Earlier this month American Senator John Rockefeller introduced a controversial bill which would force online advertising and tracking companies to allow users to opt-out of online advertising. This comes after California Representative Jackie Spears, and state Senator Alan Lowenthal successfully passed legislation within the California legislature that effectively prohibits online tracking.
While some could herald this a consumer rights and privacy victory on par with the “Do Not Call” list, others have not taken such a jubilant approach. Some of this biggest names in tech such as Facebook, Google and a consortium of other technology firms have gone as far as to label Spears’ legislation as a “threat to the Californian economy”. In a letter to state legislators, the web-giant duo and their motley crew of co-signers argue that consumer privacy is not threatened since legislation already exists to sufficiently protect the privacy of consumers. Further they believe that this bill will create a new set of standards that need to be followed, and thus create a bureaucratic and possibly job killing nightmare.
Though neither Rockefeller’s bill nor its Californian counterpart has yet to be signed into law an important question needs to be raised: does this anti-tracking legislation completely threaten the business model of web companies like Google, or are their claims rife with hyperbole?
A press release which accompanied Senator Rockefeller’s bill explained the ideology behind this issue: “Consumers have a right to know when and how their personal and sensitive information is being used online — and most importantly to be able to say ‘no thanks’ when companies seek to gather that information without their approval.”
While these ideas may seem egalitarian, the Web 2.0 business model is based upon tracking consumers online. For instance, Google’s targeted advertising system works by synthesizing a compiled list of keyword’s used in user’s previous searches with cookies to serve up targeted advertising. Facebook’s advertising service works in a similar way, by serving the user ads on Facebook from keywords in their profile and previous websites that they have logged into through Facebook connect. Apple is also a secondary signatory as their iAds platform for iOS apps runs on a similar platform of targeted advertising.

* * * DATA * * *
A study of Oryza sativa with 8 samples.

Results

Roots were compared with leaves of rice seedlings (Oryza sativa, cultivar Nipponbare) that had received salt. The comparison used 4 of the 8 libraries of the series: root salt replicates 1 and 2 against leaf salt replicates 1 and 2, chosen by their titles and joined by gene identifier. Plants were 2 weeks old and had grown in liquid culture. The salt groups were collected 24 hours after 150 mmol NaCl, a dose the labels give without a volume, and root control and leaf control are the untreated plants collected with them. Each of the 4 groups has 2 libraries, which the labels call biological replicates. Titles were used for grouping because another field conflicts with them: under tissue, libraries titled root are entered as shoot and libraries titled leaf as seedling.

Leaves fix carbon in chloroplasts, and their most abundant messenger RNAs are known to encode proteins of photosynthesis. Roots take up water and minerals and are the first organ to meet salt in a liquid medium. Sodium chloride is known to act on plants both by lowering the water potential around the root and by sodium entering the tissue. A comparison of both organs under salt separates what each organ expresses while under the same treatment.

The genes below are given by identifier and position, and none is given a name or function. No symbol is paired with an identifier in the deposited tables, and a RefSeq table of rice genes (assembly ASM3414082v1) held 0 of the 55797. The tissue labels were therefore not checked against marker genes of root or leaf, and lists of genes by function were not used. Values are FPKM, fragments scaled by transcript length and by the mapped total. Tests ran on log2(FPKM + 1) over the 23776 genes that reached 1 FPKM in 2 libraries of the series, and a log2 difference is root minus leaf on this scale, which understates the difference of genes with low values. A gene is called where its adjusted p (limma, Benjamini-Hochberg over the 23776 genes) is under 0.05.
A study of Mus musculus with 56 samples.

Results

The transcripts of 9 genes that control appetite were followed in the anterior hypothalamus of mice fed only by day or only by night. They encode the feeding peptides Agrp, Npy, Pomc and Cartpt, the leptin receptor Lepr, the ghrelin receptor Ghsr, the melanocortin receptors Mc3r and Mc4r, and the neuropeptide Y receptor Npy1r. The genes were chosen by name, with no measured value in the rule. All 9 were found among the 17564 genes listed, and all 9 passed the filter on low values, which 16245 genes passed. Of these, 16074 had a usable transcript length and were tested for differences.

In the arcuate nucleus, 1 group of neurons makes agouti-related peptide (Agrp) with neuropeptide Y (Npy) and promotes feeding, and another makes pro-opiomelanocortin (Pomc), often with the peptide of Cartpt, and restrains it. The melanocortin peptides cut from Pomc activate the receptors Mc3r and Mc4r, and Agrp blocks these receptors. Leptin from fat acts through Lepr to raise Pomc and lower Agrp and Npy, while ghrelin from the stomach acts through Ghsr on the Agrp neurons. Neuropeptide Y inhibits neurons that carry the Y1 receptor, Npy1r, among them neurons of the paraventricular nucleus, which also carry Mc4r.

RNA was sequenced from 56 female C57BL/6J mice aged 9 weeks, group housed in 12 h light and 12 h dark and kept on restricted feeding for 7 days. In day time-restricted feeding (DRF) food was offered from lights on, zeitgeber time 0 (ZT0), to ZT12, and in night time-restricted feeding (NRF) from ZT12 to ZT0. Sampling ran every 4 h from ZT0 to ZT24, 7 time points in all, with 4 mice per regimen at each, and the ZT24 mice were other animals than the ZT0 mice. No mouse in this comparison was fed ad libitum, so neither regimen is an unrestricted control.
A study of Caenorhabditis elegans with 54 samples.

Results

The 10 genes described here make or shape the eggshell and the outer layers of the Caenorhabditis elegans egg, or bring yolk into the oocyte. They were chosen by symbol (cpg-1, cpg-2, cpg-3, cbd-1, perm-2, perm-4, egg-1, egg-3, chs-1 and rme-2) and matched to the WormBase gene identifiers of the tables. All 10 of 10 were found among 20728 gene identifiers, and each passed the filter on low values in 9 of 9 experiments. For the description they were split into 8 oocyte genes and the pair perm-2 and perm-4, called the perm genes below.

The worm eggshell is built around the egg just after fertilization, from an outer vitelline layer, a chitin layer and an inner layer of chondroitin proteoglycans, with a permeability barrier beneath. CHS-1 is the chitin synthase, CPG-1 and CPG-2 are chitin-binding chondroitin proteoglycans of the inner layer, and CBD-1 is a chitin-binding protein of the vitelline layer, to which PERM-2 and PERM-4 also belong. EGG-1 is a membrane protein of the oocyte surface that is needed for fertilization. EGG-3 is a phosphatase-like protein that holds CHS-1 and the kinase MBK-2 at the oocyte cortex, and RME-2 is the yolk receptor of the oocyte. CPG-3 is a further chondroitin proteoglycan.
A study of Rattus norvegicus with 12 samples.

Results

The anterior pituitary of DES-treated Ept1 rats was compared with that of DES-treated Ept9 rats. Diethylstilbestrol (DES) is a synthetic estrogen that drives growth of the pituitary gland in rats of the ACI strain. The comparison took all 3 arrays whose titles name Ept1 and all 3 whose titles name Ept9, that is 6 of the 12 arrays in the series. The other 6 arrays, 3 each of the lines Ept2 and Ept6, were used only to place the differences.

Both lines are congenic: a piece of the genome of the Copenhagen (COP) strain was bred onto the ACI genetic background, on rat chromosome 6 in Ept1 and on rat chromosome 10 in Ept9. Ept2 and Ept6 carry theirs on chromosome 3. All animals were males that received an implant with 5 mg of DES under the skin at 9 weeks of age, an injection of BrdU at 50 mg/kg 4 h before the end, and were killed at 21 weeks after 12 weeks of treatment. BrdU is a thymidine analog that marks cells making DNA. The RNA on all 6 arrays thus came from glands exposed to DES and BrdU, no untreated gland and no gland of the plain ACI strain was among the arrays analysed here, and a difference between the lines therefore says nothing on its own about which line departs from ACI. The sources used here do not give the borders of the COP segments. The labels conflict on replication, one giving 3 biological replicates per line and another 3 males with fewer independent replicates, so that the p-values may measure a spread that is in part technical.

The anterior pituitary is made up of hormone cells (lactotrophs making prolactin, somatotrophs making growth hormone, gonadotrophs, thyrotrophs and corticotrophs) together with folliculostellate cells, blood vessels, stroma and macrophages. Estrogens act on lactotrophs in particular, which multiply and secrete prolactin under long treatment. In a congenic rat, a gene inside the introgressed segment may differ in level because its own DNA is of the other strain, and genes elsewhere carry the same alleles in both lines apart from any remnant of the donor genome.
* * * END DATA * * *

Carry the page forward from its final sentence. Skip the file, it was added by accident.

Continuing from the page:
It is important to note that there is already protection for consumers privacy through web browsers, and existing legislation. All major browsers (even Internet Explorer) have functions that prevent users from being tracked by advertising companies — Chrome’s incognito mode is such an example. Secondly, within California the Consumer Protection Against Spyware Act prohibits the collection of personally identifiable information in a deceptive fashion.
What has seemed to escape legislators is the very nature of the Internet would seemingly nullify any of these types of bills. Although operating in California may have its advantages, if need be tech giants like Google or Facebook could move operations to a state which has more lenient laws. And websites with less than savoury privacy practices, which consumers and legislators should be concerned about, prefer to operate from offshore hideouts and are therefore outside the grasp of lawmakers anyway.
Corporations need to be vigilant with user’s privacy; Apple’s “locationgate” and Sony’s Playstation Network break-in are evidence of this. However, the targeted advertising that powers Web 2.0 like Google’s Adwords requires that user’s sacrifice a sliver of privacy in order that websites can generate revenue though not exactly the “Faustian bargain” that some legislators might have imagined.